Baby Blues after Birth: What To Do | Healthcare 

baby blues

Having a baby is a joyful experience, isn’t it? Yeah, but not for everyone at least, not right away. For many mothers, bringing home a new baby could mean stress and exhaustion, as well as coping with a serious set of raging postpartum hormones throwing all of your emotions into hyperdrive. In other words, it’s totally normal to forget why you feel different from others during this time. So, here’s what you need to know about baby blues, from how they feel to what you can do.

What are Baby Blues? 

In fact, about 80 percent of postpartum mothers have baby blues, which refer to a short period after giving birth that’s filled with anxiety, stress, and mood swings. That means 4 out of 5 new moms report experiencing them. So, the chances are very high and if you don’t have it, consider yourself really lucky!

Baby blues typically strike within a few days of giving birth. However, if you had an especially tough delivery, you might notice them even sooner. Though doctors can’t tell exactly what causes them, their timing tells us a lot. From shrinking the uterus back to its normal size to promoting lactation, your body has to go through extreme hormonal fluctuations to help you recover and also get ready to take care of your newborn baby. Those hormonal changes can also affect a postpartum mom’s state of mind. Another main reason could be the lack of sleep during the postpartum period. And, if you are a new mom, then you need to cope with all the changes in your routine and lifestyle that come with the new baby. All of these factors combine to pave the way for baby blues.

The Symptoms of Baby Blues

You can see the symptoms around 2 to 3 days after your baby is born. Most of the time, baby blues just disappear usually within 10 days. But, sometimes, it can last up to 14 days postpartum. And, note that different moms will experience baby blues differently from others. Generally, symptoms of the baby blues include:

  • Feeling weepy or crying inexplicably over minor triggers
  • Having mood swings or being especially irritable
  • Feeling unattached or unbonded to your baby
  • Missing your old life
  • Worrying or feeling anxious about your baby’s health and safety
  • Feeling restless or experiencing insomnia, even though you’re exhausted
  • Having trouble making easy decisions or thinking clearly

What To Do

The answer simply is there’s no cure for that! Most moms find that as they adjust to their new life and settle into a routine with their baby, they begin to feel more like themselves. That said, the postpartum phase is tough. And, it’s important to take care of yourself as best you can. Finding things that make you feel better during this time of transition might help you get back to “normal” (or, at least, find your new normal) faster.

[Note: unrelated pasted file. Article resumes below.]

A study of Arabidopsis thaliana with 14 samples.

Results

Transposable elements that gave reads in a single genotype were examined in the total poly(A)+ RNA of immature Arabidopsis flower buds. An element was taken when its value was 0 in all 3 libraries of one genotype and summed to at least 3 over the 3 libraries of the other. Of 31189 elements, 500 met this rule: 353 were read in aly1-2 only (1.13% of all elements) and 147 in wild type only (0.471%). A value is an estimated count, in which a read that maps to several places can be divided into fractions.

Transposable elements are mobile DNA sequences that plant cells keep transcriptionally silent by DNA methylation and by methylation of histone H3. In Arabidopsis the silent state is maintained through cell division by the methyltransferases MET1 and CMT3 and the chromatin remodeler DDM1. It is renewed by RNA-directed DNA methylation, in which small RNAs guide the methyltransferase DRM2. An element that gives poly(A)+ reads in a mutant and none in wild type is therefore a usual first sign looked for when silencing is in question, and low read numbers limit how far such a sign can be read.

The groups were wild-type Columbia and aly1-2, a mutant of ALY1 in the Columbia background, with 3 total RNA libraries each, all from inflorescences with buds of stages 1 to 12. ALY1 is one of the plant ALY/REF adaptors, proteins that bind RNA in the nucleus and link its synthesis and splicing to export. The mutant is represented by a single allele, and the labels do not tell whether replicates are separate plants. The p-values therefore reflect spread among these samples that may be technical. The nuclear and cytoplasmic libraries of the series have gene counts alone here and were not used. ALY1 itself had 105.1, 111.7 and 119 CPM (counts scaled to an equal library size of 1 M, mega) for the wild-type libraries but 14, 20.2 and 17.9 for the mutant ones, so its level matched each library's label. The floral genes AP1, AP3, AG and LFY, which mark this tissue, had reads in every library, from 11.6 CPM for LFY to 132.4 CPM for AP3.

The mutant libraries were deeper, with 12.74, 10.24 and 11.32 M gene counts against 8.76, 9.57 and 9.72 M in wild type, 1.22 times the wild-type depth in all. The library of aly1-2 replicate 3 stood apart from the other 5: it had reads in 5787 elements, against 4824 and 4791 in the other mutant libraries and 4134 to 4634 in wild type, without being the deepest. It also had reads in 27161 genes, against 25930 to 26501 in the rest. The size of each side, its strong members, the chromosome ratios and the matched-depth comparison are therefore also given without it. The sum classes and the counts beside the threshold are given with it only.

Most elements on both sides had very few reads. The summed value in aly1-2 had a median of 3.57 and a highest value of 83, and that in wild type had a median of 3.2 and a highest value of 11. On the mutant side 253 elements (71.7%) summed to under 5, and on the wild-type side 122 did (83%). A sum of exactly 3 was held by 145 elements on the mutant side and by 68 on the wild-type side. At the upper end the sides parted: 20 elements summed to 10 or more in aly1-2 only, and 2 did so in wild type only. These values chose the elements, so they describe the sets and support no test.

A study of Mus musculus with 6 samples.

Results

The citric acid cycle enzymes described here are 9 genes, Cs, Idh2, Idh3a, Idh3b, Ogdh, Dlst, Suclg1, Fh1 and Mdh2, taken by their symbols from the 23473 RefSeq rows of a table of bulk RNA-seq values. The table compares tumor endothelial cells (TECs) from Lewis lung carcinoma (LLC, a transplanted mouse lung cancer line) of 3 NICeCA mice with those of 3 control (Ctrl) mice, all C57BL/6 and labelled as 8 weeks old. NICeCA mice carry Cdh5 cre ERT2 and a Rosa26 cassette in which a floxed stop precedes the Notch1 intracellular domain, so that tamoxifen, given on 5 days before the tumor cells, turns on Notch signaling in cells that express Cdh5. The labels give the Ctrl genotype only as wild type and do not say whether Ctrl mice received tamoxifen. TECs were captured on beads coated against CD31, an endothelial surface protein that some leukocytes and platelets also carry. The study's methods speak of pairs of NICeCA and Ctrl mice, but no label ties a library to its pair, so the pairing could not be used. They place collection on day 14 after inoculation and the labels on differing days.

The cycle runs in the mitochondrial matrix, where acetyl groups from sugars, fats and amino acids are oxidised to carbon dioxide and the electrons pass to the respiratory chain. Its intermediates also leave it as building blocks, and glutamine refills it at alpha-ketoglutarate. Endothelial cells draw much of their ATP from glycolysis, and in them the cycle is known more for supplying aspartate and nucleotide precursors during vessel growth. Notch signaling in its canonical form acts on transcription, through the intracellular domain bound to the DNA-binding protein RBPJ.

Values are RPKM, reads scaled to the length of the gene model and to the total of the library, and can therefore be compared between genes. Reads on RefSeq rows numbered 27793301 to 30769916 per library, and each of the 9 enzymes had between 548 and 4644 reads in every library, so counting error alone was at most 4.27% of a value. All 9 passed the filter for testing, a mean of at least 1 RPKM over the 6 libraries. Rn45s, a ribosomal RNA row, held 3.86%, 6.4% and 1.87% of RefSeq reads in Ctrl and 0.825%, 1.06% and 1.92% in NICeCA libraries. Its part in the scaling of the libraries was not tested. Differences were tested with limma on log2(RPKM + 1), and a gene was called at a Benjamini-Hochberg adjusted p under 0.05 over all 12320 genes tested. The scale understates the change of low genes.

• Get as much sleep as you can. Sleep is a priceless commodity in your house right now. Try to sleep when your baby sleeps and put other things aside. Everything seems worse when you’re exhausted. Sometimes, sleeping is the best remedy!
  • Ask for help. You have the option to let someone else do basically everything for you. That is the privilege of a mom! Also, there are usually people looking for ways to help out new mothers. So, when your parents or your friends come over and ask what they can do to help, give them a task. Whether it’s cooking meals, running errands, changing diapers, just don’t try to do it all yourself!
  • Eat well and go outside sometimes. Well, this one doesn’t need much explanation. Feed your body nutritious foods and get some fresh air. It’s simple but effective!
  • Talk to someone. It doesn’t have to be a therapist, but if you have one, give them a call. Otherwise, chat with a family member or friend who understands you and doesn’t judge. Sometimes you just need to get stuff off your chest.
  • Do something you love. If it feels like it would be easier to focus on what makes you happy right now, then just do it. Have an afternoon just for yourself to get the energy you need to take care of your child.
  • Bond with your partner. It’s easy to lose track of the other person you’re in this new life with. So, trying to do something with your spouse can help you both feel connected and supported.

Baby blues are a common part of many new parents’ lives. Fortunately, they usually go away as quickly as the way they appear. However, if you’re still feeling sad or anxious after 2 weeks, or if your symptoms become worse, reach out to a family member, trusted friend, or healthcare provider right away. Because it can be a sign of postpartum depression. While baby blues are normal and short-lived, postpartum depression needs to be treated immediately. If you have any questions or just simply want to share your story with other moms, let us know in the comments!